Researchers at Edinburgh University and the Royal Hospital for Sick Children in the city are applying for approval to test an oil extracted from cannabis flowers on young people, including babies.
Parents of children with extreme forms of epilepsy have reported the medicine, which has had almost all the component that causes a "high" removed, has dramatically improved the symptoms.
However, without robust clinical trials to investigate the safety of the drug there is concern parents desperate to alleviate the distressing condition could administer cannabis treatments without prescriptions or information about the potential risks.
In Scotland, around 54,000 people have epilepsy and in about one-third of cases existing treatments do not work. Some forms, such as Dravet Syndrome, can cause relentless seizures and serious physical and cognitive disabilities.
Dr Richard Chin, consultant paediatric neurologist at the Royal Hospital for Sick Children, Edinburgh, and director of the Muir Maxwell Epilepsy Centre at Edinburgh University, said: "The children can go from having a seizure every day to having even 200 seizures per day. This is what families have to go through. There is obviously a need to find alternative treatments."
It is a compound found in marijuana known as cannabidiol or CBD which has been found to help epilepsy sufferers. A pharmaceutical company has produced the oil which contains CBD but less than 1% of the psycho-active component, THC, from plants grown at a secret location in the UK. The drug is named Epidiolex.
Dr Chin said: "One of the exciting things about CBD isn't its seizure control alone - it is its anti-epilepsy properties. It also improves behaviour and cognition. You can put children in intensive care and stop seizures, but it does nothing for their quality of life, nothing for cognition and nothing for the families. To have a drug that stops the seizures and also has cognitive improvement is pretty amazing."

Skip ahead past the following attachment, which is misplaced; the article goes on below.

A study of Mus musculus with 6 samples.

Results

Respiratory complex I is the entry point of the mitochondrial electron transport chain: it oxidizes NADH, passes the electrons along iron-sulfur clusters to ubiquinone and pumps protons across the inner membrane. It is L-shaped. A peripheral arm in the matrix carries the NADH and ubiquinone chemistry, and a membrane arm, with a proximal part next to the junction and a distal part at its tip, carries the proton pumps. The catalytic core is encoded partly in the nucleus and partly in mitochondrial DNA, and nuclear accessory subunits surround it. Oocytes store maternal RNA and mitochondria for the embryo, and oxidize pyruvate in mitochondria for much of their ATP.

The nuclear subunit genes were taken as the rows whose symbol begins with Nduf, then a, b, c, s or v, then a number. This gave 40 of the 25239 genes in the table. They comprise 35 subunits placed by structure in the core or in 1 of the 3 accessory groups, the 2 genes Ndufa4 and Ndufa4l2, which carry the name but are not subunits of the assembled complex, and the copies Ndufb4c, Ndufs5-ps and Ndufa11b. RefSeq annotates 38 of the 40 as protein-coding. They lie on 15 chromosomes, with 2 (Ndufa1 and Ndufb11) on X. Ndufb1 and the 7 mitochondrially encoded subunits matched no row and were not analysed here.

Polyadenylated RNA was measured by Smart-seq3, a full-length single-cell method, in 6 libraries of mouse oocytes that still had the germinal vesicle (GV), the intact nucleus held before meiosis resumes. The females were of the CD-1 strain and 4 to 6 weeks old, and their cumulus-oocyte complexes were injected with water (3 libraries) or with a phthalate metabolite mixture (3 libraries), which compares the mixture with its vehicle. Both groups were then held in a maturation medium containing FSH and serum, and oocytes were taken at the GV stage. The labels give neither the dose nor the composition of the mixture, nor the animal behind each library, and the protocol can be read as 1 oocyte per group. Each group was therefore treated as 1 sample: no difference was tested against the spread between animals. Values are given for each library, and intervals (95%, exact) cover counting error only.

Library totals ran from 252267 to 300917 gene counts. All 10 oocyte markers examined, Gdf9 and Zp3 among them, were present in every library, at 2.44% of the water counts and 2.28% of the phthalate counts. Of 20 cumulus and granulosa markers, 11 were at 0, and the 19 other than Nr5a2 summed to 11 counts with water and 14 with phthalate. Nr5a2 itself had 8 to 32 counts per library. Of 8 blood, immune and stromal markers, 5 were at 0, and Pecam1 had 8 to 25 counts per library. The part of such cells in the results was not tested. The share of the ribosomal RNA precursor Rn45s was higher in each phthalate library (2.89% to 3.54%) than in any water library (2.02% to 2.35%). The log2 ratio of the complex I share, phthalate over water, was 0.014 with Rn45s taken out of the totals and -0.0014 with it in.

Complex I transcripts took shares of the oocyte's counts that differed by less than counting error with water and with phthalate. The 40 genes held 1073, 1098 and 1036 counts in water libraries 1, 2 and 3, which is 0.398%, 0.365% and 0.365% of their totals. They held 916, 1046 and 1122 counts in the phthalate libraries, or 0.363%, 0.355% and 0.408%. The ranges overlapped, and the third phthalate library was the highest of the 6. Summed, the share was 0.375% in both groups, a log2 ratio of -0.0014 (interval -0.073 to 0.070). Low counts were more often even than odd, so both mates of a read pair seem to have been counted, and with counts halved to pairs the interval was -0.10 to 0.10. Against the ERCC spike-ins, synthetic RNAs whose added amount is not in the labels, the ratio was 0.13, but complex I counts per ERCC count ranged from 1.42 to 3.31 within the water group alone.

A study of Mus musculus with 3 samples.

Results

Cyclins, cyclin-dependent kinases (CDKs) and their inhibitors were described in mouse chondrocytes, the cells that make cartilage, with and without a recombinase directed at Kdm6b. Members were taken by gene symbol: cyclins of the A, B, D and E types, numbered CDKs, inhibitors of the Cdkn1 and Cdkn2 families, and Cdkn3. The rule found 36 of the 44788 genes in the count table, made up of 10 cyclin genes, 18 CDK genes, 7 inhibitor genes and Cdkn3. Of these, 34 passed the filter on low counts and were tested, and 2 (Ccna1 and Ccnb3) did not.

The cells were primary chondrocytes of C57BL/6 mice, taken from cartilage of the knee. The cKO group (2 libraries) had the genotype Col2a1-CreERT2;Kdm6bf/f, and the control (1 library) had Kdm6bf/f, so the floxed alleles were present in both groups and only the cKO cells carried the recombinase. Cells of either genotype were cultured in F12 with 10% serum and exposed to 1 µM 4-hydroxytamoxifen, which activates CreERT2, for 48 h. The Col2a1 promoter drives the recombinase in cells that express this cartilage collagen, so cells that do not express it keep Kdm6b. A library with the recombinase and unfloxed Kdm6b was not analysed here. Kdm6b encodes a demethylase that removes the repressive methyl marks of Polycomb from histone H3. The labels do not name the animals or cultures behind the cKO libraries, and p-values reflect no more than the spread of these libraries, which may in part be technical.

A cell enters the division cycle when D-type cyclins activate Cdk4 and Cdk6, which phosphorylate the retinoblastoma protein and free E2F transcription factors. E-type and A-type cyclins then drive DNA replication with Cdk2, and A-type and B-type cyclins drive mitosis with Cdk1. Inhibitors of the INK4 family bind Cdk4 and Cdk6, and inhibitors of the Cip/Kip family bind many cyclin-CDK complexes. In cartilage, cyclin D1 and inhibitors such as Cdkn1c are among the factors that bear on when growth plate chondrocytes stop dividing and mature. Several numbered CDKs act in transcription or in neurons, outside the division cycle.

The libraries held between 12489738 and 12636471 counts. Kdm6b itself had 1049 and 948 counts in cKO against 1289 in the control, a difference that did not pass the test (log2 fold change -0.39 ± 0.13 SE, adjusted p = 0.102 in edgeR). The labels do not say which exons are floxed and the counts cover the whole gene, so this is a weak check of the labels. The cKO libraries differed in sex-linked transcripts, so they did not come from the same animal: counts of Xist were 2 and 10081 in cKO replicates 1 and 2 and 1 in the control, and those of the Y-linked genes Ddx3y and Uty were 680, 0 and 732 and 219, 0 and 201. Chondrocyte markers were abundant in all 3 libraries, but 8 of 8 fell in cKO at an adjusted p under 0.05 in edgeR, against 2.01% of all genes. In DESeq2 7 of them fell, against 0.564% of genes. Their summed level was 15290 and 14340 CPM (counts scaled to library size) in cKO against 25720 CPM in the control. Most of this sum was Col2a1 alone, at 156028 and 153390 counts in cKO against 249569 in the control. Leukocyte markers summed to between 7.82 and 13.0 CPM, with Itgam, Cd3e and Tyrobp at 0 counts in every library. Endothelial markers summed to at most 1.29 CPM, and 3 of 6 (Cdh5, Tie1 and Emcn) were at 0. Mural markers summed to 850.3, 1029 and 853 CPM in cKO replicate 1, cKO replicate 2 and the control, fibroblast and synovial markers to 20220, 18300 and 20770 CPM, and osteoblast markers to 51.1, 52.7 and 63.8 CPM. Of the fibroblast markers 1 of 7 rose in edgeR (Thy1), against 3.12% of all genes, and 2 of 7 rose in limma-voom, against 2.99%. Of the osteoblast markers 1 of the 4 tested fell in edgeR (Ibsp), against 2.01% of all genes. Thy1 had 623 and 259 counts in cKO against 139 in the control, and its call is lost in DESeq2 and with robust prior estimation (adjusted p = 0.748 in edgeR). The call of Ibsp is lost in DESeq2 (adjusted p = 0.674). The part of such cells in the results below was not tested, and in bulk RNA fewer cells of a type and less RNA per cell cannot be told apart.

The first safety trial of the drug to receive approval from the Food and Drug Administration in the United States is under way in New York. So far, 25 children are involved and Professor Patricia Corby, associate director for research operations at New York University's Bluestone Centre for Clinical Research, described the findings so far as "extremely promising".
Dr Chin is applying for authority from both a research ethics committee and the Medicines and Healthcare products Regulatory Agency to launch a similar trial in the UK led from Edinburgh, but also involving Great Ormond Street Hospital, London.
He hopes to receive approval before the end of the year and intends to recruit 30 children at each hospital to test the drug. Children will be given small doses of the oil twice a day.
Ann Maxwell, who founded the Muir Maxwell Trust in Scotland to help those affected by epilepsy after caring for her youngest son Muir who suffers Dravet Syndrome, has been instrumental in bringing together Dr Chin and Professor Helen Cross, epilepsy expert at Great Ormond Street Hospital, with the New York researchers - helping drive forward plans for a UK university trial.
Mrs Maxwell, of Midlothian, said: "Muir has in an awful lot of ways had his life taken from him by epilepsy as have we (as a family) to a certain extent. If I could wave a magic wand and give him his life back, I would. I love the idea we can take the damaged brain and reverse it. If that is possible there is still hope for Muir."
The Muir Maxwell Trust is seeking to raise £250,000 to support the trials of Epidiolex and is looking for donors. A debate about tackling the stigma of epilepsy through education takes place in the Scottish Parliament tomorrow.